Come Away With Me: 20 years of Norah Jones’ triumphant debut album


norah jones come away with me 20 years
Words by Benjamin Lamb

A track-by-track break down of Norah Jones' rise from local to global with Come Away With Me, and how she brought jazz abck to the mainstream

There’s almost no question that Norah Jones is one of a kind, her euphoric and angelic voice coupled with virtuosic piano skills meld together for an album that brings you in, holds you tight, and never lets you go.

It’s now been 20 years since the genre-bending jazz vocalist released her chart-topping debut album, and it’s still living on all these years later, with a 20th anniversary edition on its way.


Back in late 2001 and early 2002, a 22-year-old Norah Jones had just moved to the musical mecca of New York after living in Texas for a number of years where she was studying the world of jazz piano.

Falling into the New York jazz scene was no hard feat being one of the only cities in the world to have daily gigs, jazz clubs, and a variety of groups for like minded people. This is where her path to stardom began.

In what feels like a story taken from a movie, after playing a gig, Norah was approached by a label executive from EMI, who set up an interview with her and Blue Note Records, a major player in the worldwide jazz scene, their pedigree of artists spans decades, including jazz greats like Thelonious Monk, Dexter Gordon, and many more.

After playing a two-track demo to the label, Jones was subsequently signed on to a deal, where she, and a few artists she had been hitting the live scene with came up with a demo album called Allaire. This release featured songs we now know as ‘Don’t Know Why’ and ‘Seven Years’.

After delivering the finished demo to Blue Note, Jones was told it wasn’t good, and it strayed too far from what makes her special. The demo was then retooled, and some demos were reused and brought onto Come Away with Me.

Something that makes this album special is the idea that there was no breakout single. It’s not something we really see in music anymore, each song was as strong as the next, and the highest charting single was ‘Don’t Know Why’, which hit the 40 spot on a few charts.

This song opened the album, the one that introduced the world to the star. ‘Don’t Know Why’ was actually written by her long-time collaborator Jesse Harris, who featured the song on his album from a few years prior.

Following on from this was ‘Seven Years’, a track that lived on from the demo days and was re-jigged by Jones for the album, it was originally written by her other long-time collaborator and bassist, Lee Alexander.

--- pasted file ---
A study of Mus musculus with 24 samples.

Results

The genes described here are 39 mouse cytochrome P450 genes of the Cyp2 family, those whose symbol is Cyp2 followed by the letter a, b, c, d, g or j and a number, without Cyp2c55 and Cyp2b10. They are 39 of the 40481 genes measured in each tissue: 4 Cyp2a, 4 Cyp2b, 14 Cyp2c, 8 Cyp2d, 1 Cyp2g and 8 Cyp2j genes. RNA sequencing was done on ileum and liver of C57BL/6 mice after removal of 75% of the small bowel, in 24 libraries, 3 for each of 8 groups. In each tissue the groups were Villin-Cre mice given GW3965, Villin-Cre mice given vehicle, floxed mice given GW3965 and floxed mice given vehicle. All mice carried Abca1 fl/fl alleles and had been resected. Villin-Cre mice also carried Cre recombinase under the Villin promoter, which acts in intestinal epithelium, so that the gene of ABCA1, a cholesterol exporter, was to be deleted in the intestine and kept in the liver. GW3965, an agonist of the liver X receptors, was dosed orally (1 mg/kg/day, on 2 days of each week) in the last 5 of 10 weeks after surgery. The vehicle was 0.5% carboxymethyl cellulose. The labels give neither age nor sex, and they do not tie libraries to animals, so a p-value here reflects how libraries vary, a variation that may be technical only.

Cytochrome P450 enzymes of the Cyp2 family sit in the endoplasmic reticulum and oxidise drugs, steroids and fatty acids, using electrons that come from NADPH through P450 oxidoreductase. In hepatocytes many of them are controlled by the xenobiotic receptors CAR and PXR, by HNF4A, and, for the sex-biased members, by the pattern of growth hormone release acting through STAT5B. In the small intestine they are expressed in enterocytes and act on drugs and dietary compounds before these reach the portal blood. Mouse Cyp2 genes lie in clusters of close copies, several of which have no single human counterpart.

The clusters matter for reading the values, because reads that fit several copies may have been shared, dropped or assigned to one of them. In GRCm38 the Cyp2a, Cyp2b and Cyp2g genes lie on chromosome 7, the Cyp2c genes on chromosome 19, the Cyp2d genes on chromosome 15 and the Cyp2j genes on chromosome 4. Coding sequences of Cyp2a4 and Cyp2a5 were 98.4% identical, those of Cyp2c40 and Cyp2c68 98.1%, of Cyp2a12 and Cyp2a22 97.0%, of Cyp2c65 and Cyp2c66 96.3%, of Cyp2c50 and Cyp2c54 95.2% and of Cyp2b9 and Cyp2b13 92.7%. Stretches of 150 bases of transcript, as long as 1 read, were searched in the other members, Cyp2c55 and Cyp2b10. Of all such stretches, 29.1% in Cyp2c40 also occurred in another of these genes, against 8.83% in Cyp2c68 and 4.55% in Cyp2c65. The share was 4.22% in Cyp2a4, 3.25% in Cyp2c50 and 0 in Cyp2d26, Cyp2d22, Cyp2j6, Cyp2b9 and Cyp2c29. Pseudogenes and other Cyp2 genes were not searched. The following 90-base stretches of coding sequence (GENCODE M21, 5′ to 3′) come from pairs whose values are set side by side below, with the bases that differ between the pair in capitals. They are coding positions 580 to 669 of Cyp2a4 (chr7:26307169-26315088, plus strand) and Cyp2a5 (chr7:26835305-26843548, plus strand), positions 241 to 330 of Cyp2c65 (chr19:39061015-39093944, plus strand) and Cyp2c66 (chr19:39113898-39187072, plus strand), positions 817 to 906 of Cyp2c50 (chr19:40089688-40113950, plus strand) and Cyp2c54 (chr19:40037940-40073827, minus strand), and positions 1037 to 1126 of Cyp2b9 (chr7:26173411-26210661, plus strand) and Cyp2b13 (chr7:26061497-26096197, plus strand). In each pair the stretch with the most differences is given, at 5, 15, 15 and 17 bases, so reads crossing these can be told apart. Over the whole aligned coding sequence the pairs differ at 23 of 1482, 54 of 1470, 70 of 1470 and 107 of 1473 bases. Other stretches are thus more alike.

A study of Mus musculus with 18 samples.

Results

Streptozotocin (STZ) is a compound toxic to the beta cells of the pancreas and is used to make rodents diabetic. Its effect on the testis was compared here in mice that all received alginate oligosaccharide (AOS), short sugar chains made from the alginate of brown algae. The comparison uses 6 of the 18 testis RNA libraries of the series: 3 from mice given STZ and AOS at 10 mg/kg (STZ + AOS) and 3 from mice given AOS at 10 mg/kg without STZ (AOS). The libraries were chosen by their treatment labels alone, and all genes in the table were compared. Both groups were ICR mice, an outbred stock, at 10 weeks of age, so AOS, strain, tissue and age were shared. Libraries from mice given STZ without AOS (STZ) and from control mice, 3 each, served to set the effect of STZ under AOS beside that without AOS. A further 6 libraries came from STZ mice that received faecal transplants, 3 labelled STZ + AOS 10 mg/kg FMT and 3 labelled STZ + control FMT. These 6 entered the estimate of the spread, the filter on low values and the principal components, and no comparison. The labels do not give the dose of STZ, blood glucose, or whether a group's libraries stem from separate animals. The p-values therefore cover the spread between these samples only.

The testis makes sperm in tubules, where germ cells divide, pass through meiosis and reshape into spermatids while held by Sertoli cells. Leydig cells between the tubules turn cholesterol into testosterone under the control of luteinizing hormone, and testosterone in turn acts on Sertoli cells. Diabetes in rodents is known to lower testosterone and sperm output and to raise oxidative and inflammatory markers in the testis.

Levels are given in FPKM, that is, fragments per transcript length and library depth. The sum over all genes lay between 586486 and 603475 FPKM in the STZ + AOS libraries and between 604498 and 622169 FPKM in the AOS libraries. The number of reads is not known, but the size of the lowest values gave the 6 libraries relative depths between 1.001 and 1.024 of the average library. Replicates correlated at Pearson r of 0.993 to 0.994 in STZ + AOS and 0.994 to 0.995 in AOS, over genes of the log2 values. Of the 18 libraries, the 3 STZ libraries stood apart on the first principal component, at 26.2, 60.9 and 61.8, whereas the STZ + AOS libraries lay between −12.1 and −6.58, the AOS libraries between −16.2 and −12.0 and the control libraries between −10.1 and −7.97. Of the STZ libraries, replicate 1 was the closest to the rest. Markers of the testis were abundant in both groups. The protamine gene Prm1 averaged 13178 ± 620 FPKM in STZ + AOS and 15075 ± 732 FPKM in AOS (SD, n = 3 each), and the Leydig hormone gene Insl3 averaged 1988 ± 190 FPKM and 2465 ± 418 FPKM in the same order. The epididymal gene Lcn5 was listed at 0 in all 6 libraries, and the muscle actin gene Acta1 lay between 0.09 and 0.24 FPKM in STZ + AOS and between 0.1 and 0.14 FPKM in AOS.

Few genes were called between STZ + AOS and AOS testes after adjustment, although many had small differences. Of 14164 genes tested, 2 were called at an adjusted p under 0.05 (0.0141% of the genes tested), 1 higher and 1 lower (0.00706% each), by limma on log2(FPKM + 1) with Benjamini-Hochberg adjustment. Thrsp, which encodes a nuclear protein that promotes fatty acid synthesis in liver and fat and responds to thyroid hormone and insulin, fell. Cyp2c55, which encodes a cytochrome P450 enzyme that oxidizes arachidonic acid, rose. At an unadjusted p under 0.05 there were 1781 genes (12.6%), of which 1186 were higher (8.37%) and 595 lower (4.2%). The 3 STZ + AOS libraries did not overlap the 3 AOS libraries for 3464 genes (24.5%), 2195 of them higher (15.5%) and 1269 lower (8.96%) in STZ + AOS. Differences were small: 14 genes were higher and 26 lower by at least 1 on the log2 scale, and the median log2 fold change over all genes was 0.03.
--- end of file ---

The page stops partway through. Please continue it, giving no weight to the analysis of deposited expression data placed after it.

A cover came next, of country icon Hank Williams’ ‘Cold Cold Heart’, a song that holds a special spot in the heart of Jones. She is a lifelong fan of the country star, recently covering his track ‘I’m So Lonesome I Could Cry’.

We then get gifted another track written by Alexander, ‘Feelin the Same Way’. Perhaps interestingly, this track was only released as a single in the UK, where it hit the number 72 spot.

The title track is probably one of the other songs that have lived on in a big way over the last 20 years, penned by Jones herself, ‘Come Away with Me’ has since appeared across TV and movies, even in the hit 2002 film Maid in Manhattan.

‘Turn Me On’ happens next, a track penned by John D. Loudermilk, who wrote tracks for artists like Chet Atkins and Marianne Faithful. ‘Turn Me On’ was written for 1960’s vocalist Mark Denning, and his since been recorded by vocalists like Nina Simone and of course Norah Jones.

We’re then treated to number of great tracks written by Jones, Harris and Alexander, with the album closing with ‘The Nearness of You’, a track written way back in 1938 by Hoagy Carmichael and Ned Washington, another song that is important and close to Jones.

After its release, it was one of the most critically acclaimed albums of 2002, receiving close to perfect scores from Metacritic, Rolling Stone, and Entertainment Weekly.

It then received a whopping eight Grammy awards, for categories like Album of the Year, Best New Artist, and Record of the Year. It also won the rare Italian Music Award for Best International revelation. The Italian Music Award’s were short lived, concluding in 2004, where Tribalistas received the award.

Next month, Norah is celebrating 20 years of the album with release of demos from the Allaire days, and releasing alternative versions of tracks, an alternative ‘Come Away with Me’ can be heard below.

The 20th anniversary Allaire/alternate Come Away With Me edition is out on April 29, preorder it here.